There is some debate about whether technological addictions are real. Not a debate about whether or not people seem to have problematic compulsions to use the internet or text message, everyone seems to be able to agree that these problems exist, but it’s less clear to clinicians that these compulsions are different enough to warrant their own classification as separate disorders.
People with cybersex addiction, some would argue, are simply sex addicts using the internet and people who can’t stop sending emails and check their blackberry in the middle of the night, don’t have an internet addiction, they are simply people with impulse control disorders and symptoms are manifested via technology.
On the flip side – other professionals argue that you can’t ignore the growing numbers of people complaining of technology compulsions, and that it’s clear that we are dealing with something new here – something that needs to be classified uniquely. The debate continues, although it’s looking more and more likely that internet addiction and other technological disorders will earn a place in the upcoming edition of psychiatry’s bible, the DSM-V5. And it’s a very important debate too.
The Debate is Both Important and Irrelevent
The recognition of these disorders as unique will mean that they gain legal status and recognition. It will mean that as insurance parity movements gain strength, people suffering an internet addiction will have a greater chance of claiming insurance benefits to treat their recognized "disease" and that employers will afford the technologically sick the same rights and protections as they would grant anyone sick with any other disorder. So it’s important, and the scientists are taking a good hard look at the whole thing and in a few years anyway, we’ll all probably understand technological compulsions a lot better. But for now, the ambiguity of it all is not helpful to those stuck in the middle – in never never land.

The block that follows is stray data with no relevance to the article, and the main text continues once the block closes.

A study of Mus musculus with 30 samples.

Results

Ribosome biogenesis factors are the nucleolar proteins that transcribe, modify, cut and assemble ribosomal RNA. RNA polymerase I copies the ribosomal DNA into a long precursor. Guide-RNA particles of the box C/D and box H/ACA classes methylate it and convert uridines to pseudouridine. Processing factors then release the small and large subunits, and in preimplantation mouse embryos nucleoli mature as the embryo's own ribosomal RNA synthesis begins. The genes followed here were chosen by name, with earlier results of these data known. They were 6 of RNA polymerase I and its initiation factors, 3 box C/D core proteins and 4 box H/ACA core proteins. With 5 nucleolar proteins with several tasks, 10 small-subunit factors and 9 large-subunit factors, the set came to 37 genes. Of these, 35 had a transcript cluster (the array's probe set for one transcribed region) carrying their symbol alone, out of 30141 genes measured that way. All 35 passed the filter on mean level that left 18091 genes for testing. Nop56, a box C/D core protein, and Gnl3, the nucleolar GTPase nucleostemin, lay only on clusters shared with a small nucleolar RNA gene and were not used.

It’s not helpful to be suffering an uncontrollable compulsion to do something, to have that compulsion harm your health and happiness, and to have people say that what you’re suffering – isn’t real. And it’s not helpful to delay getting treatment for something that’s giving you problems because you don’t want to seem crazy or because your friends and family think it’s ridiculous.
Is it an addiction – is it something else? It doesn’t matter!
For now, the debate raging offers little benefit to those people whose online habits are causing them problems. It doesn’t matter at all whether someone else calls it internet addiction, or gaming addiction, or a big fat figment of your imagination – if you need help, then you need to get it.
3 Questions – and 3 Answers That Will Tell You All You Need to Know.
- Does your internet/gaming/texting habit cause you problems in life?
Answered yes? Then you have a problem. Seems obvious, but it’s a fundamental part of the equation.
- Do you continue to use the internet/game/text devices even though you know it causes you problems?
- Have you tried to stop internet/gaming/texting, and failed?
If you answered yes three times, then you have a problem, a problem that affects your quality of life, and yet you continue, and when you try to quit – you can’t. If you answered yes three times, then you need help, and it doesn’t matter at all what anyone else labels your disorder.
There are therapies that work and techniques that you can learn to help you manage your compulsions to use the internet in a controlled and limited way. But unless you take some serious steps to change, then you have to accept that things aren’t going to change. This addiction (or whatever else you wanna’ call it) seems to be like most other addictions, in that it’s progressive and getting better takes a little effort.
Don’t wait for someone else to recognize your problem to get help. If you know you have a problem, then you should know that you need, and deserve help.